Original Research

The private sector's involvement in public policy: Issues and strategies

R. H. Lee, M. T. Bendixen, M. M. Sutherland
South African Journal of Business Management | Vol 23, No 3/4 | a891 | DOI: https://doi.org/10.4102/sajbm.v23i3/4.891 | © 2018 R. H. Lee, M. T. Bendixen, M. M. Sutherland | This work is licensed under CC Attribution 4.0
Submitted: 17 October 2018 | Published: 31 December 1992

About the author(s)

R. H. Lee, Graduate School of Business Administration, University of the Witwatersrand, South Africa
M. T. Bendixen, Graduate School of Business Administration, University of the Witwatersrand, South Africa
M. M. Sutherland, Graduate School of Business Administration, University of the Witwatersrand, South Africa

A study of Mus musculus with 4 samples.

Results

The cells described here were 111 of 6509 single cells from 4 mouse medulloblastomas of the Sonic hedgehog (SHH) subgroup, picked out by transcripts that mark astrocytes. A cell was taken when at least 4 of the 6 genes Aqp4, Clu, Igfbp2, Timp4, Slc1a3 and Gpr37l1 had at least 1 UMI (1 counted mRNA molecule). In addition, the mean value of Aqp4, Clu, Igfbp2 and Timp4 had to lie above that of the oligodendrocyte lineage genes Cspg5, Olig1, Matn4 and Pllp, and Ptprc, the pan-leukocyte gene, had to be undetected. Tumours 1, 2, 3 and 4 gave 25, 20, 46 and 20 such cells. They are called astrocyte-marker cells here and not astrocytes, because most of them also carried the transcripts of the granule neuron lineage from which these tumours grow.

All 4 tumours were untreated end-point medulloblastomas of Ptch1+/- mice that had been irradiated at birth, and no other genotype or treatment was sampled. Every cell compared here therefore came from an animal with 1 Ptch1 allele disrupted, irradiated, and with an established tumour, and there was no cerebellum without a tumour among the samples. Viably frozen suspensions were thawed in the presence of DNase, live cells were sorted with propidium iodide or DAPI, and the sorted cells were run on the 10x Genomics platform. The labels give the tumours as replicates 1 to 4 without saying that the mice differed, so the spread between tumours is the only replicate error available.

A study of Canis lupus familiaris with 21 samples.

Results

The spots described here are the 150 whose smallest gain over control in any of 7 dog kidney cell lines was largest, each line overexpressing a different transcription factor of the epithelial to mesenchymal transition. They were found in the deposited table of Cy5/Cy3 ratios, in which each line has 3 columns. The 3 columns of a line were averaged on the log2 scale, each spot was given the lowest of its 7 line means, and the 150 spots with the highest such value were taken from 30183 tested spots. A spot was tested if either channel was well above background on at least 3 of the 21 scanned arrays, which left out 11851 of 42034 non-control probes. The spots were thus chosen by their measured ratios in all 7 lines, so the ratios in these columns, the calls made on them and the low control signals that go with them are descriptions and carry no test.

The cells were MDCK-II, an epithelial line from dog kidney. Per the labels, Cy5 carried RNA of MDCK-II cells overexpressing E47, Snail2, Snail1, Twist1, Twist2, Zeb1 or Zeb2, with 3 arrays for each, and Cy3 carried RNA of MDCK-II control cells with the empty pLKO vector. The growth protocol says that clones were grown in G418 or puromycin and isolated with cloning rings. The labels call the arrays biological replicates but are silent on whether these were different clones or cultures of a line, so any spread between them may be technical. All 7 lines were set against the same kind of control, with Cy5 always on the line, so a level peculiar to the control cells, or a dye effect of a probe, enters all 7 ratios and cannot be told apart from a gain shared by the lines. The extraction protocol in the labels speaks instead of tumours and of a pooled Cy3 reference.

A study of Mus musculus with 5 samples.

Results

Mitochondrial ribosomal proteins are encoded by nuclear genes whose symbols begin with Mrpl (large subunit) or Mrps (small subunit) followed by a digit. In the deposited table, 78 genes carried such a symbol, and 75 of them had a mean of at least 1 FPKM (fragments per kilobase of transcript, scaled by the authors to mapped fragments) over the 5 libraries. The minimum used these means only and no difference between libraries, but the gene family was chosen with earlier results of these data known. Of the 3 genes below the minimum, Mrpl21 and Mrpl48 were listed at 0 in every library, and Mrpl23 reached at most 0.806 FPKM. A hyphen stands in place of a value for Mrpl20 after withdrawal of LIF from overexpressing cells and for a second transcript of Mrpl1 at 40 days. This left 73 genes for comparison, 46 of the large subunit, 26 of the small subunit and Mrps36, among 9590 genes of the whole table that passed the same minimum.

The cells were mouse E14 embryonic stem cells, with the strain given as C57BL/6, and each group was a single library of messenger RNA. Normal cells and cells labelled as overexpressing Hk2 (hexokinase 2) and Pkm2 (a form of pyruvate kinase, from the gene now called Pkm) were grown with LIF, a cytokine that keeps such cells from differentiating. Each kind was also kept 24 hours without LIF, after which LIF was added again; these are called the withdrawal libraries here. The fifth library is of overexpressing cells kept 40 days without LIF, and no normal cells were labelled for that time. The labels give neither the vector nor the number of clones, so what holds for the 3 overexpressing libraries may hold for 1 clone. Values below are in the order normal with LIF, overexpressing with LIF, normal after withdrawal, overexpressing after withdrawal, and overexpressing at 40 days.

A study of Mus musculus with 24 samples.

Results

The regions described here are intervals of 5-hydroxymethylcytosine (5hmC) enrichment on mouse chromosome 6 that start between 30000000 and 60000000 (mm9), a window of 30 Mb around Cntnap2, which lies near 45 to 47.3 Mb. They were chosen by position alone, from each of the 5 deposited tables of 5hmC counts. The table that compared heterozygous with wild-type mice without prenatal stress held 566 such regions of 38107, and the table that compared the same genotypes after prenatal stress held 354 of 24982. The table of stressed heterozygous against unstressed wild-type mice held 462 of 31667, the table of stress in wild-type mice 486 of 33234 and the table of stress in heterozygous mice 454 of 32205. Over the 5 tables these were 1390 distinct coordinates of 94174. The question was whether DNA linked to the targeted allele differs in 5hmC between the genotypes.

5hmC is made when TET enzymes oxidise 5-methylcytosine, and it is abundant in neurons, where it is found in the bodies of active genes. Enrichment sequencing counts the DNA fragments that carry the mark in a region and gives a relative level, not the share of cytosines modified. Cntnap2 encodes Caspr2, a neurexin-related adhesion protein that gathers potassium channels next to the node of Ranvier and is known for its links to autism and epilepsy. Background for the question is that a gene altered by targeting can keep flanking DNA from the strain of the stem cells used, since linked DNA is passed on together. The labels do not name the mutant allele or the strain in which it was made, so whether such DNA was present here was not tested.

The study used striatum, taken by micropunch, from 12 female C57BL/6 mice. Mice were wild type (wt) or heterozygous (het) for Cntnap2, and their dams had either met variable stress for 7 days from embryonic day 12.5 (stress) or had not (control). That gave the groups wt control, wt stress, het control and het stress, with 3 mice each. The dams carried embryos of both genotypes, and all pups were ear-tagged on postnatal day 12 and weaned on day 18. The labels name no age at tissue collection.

The private sector in South Africa has become increasingly involved in the public policy process, albeit reluctantly. Both the level of managerial expertise in this field and the academic understanding of this process are extremely limited. We carried out an empirical study on fifty business leaders in South Africa in order to develop a systematic understanding of the business community's involvement in public policy. In the first study of its kind, statistical analyses were carried out on both the private sector's public policy issue prioritization and strategy selection and usage patterns. The prioritization of selected strategies revealed that the business community had adopted a set of 'insider' strategies in order to influence the public policy process, reflecting a 'toenadering' in the relationship between the business community and government. The diversity within the private sector, of both the process and content of public policy involvement, is empirically documented via the use of correspondence analysis, resulting in the inherent structure of the private sector's public policy involvement being well represented in two dimensional space. The major differentiating factors being the choice between confrontational or 'insider' strategies and the choice between economic or socio-political issues. From this basis, a strategic management approach towards socio-political involvement for the business community is developed. This is based on the use of a matrix incorporating factors such as change processes, power bases, issue life cycles and resources within business organizations; leading to the selection of appropriate strategies in order to influence change in public policy. It is hoped that this article will assist South African management in the optimal allocation of resources to socio-political activities.